A good friend and colleague once told me these three valuable words – DEATHDIVORCEDISPUTE – and nothing can be truer in business.  Let’s look at the 10 reasons you as a shareholder should have an agreement drawn up between you and the other shareholders in your business.

A shareholder agreement isn’t a legal requirement, but I believe it should be part and parcel of the incorporation process as a way of regulating the way business between each shareholder is conducted.

  1. People fall out – it’s as simple as that

Let’s be real, just because you’re in business with your wife, brother or best friend doesn’t mean that each of you will conduct yourself in a manner that is acceptable to each other.  It is difficult to foresee a scene in which you would disagree, however, disagreements can occur and trying to agree the provisions that should apply if you fall out once you have fallen out will make moving forward almost impossible.  Much easier to agree beforehand how things are going to be decided.

  1. Who is going to manage the company?

Normally the running of the company is left to the directors, however, they may or may not also be the shareholders.  If this is the case, then the shareholders may believe that certain decisions should not just solely be at the discretion of the directors and instead require shareholder approval.  Documenting which decisions fall under this will ease the management of the company.

  1. Protecting minority shareholders

An agreement can provide protection for minority shareholders by reserving certain decisions.

  1. Protecting majority shareholders

In much the same vein as protecting the minority shareholders by reserving certain decisions.

  1. Controlling the transfer of shares

If for example, one of the majority shareholders wishes to sell their shares, an agreement that the other shareholders have a “right of first refusal” ensures that the shares are kept within the original structure and not allowing external investors or unknown individuals to muscle in.

  1. Are the shareholders also employees?

Shares are often held by working directors in the company and therefore if they were to resign the remaining shareholders would more than likely want them to sell their shares otherwise, they would still be entitled to dividends which is generated from the remaining shareholders’ hard work.  Having a provision for shares to be sold to the remaining shareholders prevents this.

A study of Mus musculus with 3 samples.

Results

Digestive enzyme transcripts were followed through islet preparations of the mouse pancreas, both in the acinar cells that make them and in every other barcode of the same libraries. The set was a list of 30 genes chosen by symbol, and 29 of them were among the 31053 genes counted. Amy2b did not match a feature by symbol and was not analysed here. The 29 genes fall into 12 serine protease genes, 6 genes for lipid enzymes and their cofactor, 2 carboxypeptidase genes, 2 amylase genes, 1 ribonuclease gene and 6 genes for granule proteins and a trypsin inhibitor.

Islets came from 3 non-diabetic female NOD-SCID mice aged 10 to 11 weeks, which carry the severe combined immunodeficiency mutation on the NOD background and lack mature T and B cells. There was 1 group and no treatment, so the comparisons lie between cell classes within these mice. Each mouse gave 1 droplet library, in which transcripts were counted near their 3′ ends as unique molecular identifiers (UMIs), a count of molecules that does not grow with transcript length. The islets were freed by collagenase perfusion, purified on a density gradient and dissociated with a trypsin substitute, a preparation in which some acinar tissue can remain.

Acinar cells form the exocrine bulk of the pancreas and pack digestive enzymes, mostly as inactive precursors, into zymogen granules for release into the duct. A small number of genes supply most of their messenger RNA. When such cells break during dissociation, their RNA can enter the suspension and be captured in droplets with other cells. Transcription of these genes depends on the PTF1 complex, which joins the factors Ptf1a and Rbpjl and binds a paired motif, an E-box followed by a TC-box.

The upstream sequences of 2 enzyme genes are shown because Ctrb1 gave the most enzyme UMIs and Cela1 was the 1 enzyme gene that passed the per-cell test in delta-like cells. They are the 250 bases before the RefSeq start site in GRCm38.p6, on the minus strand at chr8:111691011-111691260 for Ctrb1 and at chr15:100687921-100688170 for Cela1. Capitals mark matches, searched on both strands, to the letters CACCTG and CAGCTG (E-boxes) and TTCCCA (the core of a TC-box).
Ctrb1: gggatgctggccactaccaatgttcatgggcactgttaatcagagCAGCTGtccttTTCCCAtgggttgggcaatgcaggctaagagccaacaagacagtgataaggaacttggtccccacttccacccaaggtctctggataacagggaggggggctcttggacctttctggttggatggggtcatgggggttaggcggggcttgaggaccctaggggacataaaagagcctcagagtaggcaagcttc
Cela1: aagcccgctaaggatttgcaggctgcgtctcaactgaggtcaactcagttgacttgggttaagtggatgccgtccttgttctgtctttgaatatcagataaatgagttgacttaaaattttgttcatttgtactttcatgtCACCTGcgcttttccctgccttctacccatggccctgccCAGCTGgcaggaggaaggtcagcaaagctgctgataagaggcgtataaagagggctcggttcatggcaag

1. What happens if a shareholder wants to leave and sets up in direct competition?

Placing restrictions in such circumstances within the shareholders agreement will safeguard the remaining directors.  These restrictions can be stricter than those that may exist in an employment contract and can protect the interests of the company moving forward.

  1. Dispute resolution

What would happen is there was a major dispute between shareholding parties?  At what stage would you appoint an arbitrator?  Documenting this will help solve disputes quicker.

  1. Business stability

Shareholder agreements are important for banks and anyone looking to invest in your company.  It shows that you are forward thinking and have planned and that any disputes would be resolved swiftly.

  1. Varied dividend policies

If shareholders hold different classifications of shares an agreement can set out how dividends are going to be paid.

One reason I decided to write this post is because recently we have had some queries from clients with issues between shareholders and despite us advising to draw up an agreement they didn’t, and the disputes may well jeopardise the future of the companies and the hard work of some of the shareholders will have been all for nothing.

Investing in your business doesn’t always mean buying equipment and machinery, the best investment you can make is protecting the business, yourself and each other before any relationship sours.

If you would like a referral to any of our legal partners, please contact us and we will connect you.